Young generation volunteering, Rotary speaker says
UA ethics lecturer concerned about a lack of leadership among teens, younger adults
By Bayne Hughes
Different generations define it in different ways, and today's generation sees its obligation as volunteering to help with existing problems, a professor told the Rotary Club of Decatur on Monday.
Stephen Foster Black, director and senior lecturer for The University of Alabama's Initiative for Ethics and Social Responsibility, said more young people between ages 15 and 25 are volunteering now than in previous generations.
In fact, Black said, this generation reversed a 30-year trend of dwindling volunteerism.
Not juicing resumes
"We thought kids were just trying to juice their resumes, but that's not right. They're committed to making a difference," said Black, introduced by Decatur Daily Publisher Barrett C. Shelton Jr.
Black said this spirit of volunteerism springs from what the younger generation considers a charitable obligation. But the problem, he said, is today's generation feels no obligation toward correcting injustice or showing basic leadership as the World War II generation once did.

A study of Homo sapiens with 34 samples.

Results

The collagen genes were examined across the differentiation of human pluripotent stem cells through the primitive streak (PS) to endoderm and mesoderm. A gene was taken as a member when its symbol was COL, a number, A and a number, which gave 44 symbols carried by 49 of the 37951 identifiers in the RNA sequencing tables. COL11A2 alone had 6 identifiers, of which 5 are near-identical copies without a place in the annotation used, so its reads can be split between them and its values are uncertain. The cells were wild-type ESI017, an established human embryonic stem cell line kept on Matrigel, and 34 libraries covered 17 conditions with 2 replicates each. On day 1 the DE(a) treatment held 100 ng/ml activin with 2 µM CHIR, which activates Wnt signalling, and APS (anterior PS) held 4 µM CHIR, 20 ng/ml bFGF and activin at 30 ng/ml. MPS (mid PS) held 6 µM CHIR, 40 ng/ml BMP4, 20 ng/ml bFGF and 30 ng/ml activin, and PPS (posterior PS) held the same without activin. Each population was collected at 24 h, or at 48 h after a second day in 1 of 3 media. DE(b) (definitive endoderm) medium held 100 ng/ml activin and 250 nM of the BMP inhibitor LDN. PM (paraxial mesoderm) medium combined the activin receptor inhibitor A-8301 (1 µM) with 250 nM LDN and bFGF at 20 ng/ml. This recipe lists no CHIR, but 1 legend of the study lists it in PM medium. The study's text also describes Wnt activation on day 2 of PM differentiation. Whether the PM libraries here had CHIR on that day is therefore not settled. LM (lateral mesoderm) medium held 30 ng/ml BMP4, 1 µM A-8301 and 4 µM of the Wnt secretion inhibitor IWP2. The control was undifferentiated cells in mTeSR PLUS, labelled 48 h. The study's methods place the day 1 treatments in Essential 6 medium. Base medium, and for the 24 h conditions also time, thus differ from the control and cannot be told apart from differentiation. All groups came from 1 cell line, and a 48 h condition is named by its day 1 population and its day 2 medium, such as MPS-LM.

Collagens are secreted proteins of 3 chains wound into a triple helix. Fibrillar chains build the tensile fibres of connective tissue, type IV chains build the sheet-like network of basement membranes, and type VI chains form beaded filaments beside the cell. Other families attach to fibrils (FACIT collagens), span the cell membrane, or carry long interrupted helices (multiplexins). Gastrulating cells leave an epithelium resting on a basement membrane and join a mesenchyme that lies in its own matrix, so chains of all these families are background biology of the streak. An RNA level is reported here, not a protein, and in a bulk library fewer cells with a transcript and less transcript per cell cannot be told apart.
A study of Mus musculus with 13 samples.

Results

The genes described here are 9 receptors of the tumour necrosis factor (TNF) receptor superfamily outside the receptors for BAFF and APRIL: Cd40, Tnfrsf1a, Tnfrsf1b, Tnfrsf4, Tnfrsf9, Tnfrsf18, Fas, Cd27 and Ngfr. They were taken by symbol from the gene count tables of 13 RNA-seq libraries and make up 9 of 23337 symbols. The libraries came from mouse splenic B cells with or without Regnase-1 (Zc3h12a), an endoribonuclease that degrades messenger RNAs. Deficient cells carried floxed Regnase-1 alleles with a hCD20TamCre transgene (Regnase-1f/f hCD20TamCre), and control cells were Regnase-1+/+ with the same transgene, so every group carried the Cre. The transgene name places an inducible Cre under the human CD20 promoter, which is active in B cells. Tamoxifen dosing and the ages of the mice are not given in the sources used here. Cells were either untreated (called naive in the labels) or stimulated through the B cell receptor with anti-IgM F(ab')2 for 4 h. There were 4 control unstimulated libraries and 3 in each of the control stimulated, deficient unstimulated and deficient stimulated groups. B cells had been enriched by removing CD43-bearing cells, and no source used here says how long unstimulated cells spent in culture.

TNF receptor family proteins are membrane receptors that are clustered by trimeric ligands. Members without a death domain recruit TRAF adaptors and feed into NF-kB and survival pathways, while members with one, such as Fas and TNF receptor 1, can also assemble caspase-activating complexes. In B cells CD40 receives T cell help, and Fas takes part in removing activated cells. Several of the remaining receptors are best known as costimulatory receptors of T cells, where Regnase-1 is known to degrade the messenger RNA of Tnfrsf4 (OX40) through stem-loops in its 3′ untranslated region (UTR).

"Volunteering helps in dealing with an existing problem, but it doesn't solve or correct the problem," Black said.
Black said the younger generation's philosophy comes as the nation continues its move to the suburbs.
Living in suburbia puts people into vacuums with people like themselves. He said this makes it hard for them to have compassion for those who are different.
"We have the richest country in the history of the planet, and yet most students don't know that there are 9 million children without health insurance," Black said.
Unable to debate
Black said the media also skews perspectives because today's generation seeks out conservative or liberal media that broadcasts the same views they hold, leaving them unable to debate because they often don't understand both sides of the issue.
He said churches are following their congregations to the suburbs and, other than Jews and Catholics, are "denominationally mobile," meaning they're readily willing to switch denominations.
Black said churches are also focusing more on volunteerism than on correcting the structure and consequences of injustice. He said the movements for the abolition of slavery, women's suffrage and civil rights came out of faith-based organizations. He said faith-based groups shouldn't shy away from "being a loud, powerful voice" in politics.
"More and more, they're concerned with feeling great and making it much more warm and fuzzy so that less is required of us," he said.
Black, the grandson for late Supreme Court Justice Hugo Black, ran unsuccessfully for state treasurer in 2002.